Matu Collins wrote:Hi Jake, I admire your entrepreneurship!
I have a question and a tip.
My question is, have you run the numbers? Have you figured out all your startup costs, the cost of your product to you, and what you will need to charge to make ends meet? This'd is important. Maybe you have already. I worked at our local food co-op for years and we made delicious raw juice. Delicious and nutritous, but wasteful of pulp/fiber and not a big money maker.
My advice is, name friends with as many farmers as you can. Maybe offer to help them with work in exchange for veggies. You may be able to get oddly shaped or "seconds" veggies for a great deal. It didn't matter if the carrot has three legs if you're just going to juice it!
Matu Collins wrote:If you can get all free organic produce that would be amazing! That's a business model that will work. Juice takes a lot of pounds of produce. I don't mean to say that you should run the numbers to decide whether you should try your idea or not. I suggest it as a way to get your books in order ahead of time so you can figure out what to expect and lay out your capital accordingly.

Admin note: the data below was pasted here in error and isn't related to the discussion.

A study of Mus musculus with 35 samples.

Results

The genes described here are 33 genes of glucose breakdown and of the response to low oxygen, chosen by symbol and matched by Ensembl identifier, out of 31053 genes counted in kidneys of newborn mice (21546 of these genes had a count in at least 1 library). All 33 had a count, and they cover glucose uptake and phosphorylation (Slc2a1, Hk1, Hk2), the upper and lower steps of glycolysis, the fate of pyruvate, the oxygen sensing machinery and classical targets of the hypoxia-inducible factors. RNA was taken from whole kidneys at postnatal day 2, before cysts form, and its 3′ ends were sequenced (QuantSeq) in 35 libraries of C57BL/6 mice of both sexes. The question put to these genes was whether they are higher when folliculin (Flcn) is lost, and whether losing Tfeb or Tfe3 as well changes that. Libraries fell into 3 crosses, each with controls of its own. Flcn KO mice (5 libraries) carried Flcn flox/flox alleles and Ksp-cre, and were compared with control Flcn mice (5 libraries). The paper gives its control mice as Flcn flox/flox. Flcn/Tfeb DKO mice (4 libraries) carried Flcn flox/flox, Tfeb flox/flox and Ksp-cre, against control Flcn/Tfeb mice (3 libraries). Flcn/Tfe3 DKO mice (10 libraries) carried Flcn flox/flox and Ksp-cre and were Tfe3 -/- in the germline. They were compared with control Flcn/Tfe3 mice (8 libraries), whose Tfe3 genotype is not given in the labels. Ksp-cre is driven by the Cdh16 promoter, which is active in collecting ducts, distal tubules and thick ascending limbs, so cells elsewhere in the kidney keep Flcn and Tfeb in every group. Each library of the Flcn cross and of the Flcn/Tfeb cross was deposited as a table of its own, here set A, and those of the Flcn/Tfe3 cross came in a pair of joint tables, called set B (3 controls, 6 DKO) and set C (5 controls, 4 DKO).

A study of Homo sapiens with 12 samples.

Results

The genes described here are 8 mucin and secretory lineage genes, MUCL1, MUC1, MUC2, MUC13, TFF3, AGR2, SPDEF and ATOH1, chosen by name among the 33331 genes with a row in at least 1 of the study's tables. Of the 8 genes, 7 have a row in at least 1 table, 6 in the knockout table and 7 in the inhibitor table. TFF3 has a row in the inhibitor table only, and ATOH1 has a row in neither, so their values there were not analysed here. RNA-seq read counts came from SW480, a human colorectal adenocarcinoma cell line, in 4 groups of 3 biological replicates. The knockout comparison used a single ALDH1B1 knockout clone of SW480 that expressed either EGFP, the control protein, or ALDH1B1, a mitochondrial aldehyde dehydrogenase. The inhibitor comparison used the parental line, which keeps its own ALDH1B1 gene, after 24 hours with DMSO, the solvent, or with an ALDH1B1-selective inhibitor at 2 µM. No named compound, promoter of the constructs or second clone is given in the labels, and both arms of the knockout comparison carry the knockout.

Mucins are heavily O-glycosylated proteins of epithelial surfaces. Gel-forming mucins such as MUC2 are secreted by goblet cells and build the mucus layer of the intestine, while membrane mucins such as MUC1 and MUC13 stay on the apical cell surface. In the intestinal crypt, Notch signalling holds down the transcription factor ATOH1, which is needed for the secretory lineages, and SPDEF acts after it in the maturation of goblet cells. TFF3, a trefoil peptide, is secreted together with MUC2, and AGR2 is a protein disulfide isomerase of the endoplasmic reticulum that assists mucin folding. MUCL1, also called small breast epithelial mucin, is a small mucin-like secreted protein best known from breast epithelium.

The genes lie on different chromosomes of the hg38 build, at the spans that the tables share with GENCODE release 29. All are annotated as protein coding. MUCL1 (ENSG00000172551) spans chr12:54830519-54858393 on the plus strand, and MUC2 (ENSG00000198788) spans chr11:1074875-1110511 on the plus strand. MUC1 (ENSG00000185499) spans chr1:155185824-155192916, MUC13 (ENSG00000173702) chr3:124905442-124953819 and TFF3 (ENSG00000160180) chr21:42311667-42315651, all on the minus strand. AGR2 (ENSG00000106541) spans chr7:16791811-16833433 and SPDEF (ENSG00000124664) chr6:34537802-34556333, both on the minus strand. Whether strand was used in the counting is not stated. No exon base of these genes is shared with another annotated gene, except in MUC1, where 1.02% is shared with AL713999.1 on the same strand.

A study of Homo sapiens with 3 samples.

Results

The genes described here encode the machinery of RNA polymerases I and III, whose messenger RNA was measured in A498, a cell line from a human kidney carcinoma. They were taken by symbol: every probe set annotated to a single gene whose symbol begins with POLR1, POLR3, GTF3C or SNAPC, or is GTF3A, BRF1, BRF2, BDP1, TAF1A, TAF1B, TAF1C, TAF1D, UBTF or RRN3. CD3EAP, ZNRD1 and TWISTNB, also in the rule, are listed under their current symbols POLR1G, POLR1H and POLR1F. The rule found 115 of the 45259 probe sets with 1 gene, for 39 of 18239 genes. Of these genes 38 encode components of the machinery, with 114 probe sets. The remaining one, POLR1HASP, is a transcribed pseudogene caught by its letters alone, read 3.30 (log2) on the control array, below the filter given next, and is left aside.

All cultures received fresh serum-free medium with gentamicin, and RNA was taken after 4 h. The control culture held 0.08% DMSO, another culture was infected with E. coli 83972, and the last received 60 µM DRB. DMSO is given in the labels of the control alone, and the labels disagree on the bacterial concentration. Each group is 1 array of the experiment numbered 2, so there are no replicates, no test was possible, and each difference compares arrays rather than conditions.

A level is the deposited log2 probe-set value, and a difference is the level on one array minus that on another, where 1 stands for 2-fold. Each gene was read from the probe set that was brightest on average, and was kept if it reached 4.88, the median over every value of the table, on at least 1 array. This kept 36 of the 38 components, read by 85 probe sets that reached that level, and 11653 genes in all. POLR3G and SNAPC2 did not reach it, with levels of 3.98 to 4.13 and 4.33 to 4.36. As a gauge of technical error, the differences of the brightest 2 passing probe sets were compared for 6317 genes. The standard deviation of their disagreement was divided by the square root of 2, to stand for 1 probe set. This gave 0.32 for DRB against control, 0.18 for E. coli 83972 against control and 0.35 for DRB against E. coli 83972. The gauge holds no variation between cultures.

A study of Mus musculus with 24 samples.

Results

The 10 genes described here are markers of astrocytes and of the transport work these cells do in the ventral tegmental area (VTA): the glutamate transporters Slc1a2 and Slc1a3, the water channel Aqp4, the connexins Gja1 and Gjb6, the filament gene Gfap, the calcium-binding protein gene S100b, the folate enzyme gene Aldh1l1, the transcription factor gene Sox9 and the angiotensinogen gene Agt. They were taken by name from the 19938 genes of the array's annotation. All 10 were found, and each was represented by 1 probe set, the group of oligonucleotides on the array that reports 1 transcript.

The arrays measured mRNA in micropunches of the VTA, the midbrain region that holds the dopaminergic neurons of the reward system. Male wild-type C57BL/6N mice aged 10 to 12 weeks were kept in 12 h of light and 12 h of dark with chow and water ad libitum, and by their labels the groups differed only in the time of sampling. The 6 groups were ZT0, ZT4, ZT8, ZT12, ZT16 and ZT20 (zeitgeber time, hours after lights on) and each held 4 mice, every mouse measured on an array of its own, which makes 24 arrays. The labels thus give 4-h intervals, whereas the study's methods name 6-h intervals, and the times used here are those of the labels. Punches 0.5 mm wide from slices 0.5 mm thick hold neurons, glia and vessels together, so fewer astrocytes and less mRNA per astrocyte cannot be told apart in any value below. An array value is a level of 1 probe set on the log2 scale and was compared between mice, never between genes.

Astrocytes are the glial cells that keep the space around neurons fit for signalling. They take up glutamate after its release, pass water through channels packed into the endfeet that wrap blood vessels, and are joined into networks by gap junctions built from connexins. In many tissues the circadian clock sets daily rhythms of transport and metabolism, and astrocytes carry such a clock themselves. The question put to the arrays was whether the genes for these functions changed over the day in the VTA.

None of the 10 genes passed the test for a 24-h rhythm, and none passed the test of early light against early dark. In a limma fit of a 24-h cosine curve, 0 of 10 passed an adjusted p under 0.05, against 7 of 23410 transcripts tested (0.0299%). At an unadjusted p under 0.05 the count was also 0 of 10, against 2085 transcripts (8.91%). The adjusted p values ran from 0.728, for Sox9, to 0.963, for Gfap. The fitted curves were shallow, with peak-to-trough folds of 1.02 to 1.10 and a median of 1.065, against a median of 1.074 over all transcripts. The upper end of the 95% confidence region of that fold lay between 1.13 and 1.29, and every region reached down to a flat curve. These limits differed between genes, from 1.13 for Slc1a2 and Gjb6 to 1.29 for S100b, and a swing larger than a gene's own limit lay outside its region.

Is there a power source at the farmers market? Extension cords are tricky and juicers use a lot of power. It would be so cool to have a bike powered juicer! I've heard of such a thing but have never seen one.
The pulp is a welcome animal food if you know someone who has pigs or chickens. Depending on the veggies it can also
wayne fajkus wrote:Other than any licenses you may need (I have no idea if required), I say skip the planning and running numbers and go do it. The worst thing that can happen is you get stuck with a $200 juicer (which you will use) and a little money lost. You will rebound if it fails.
The downside is low. The upside is high.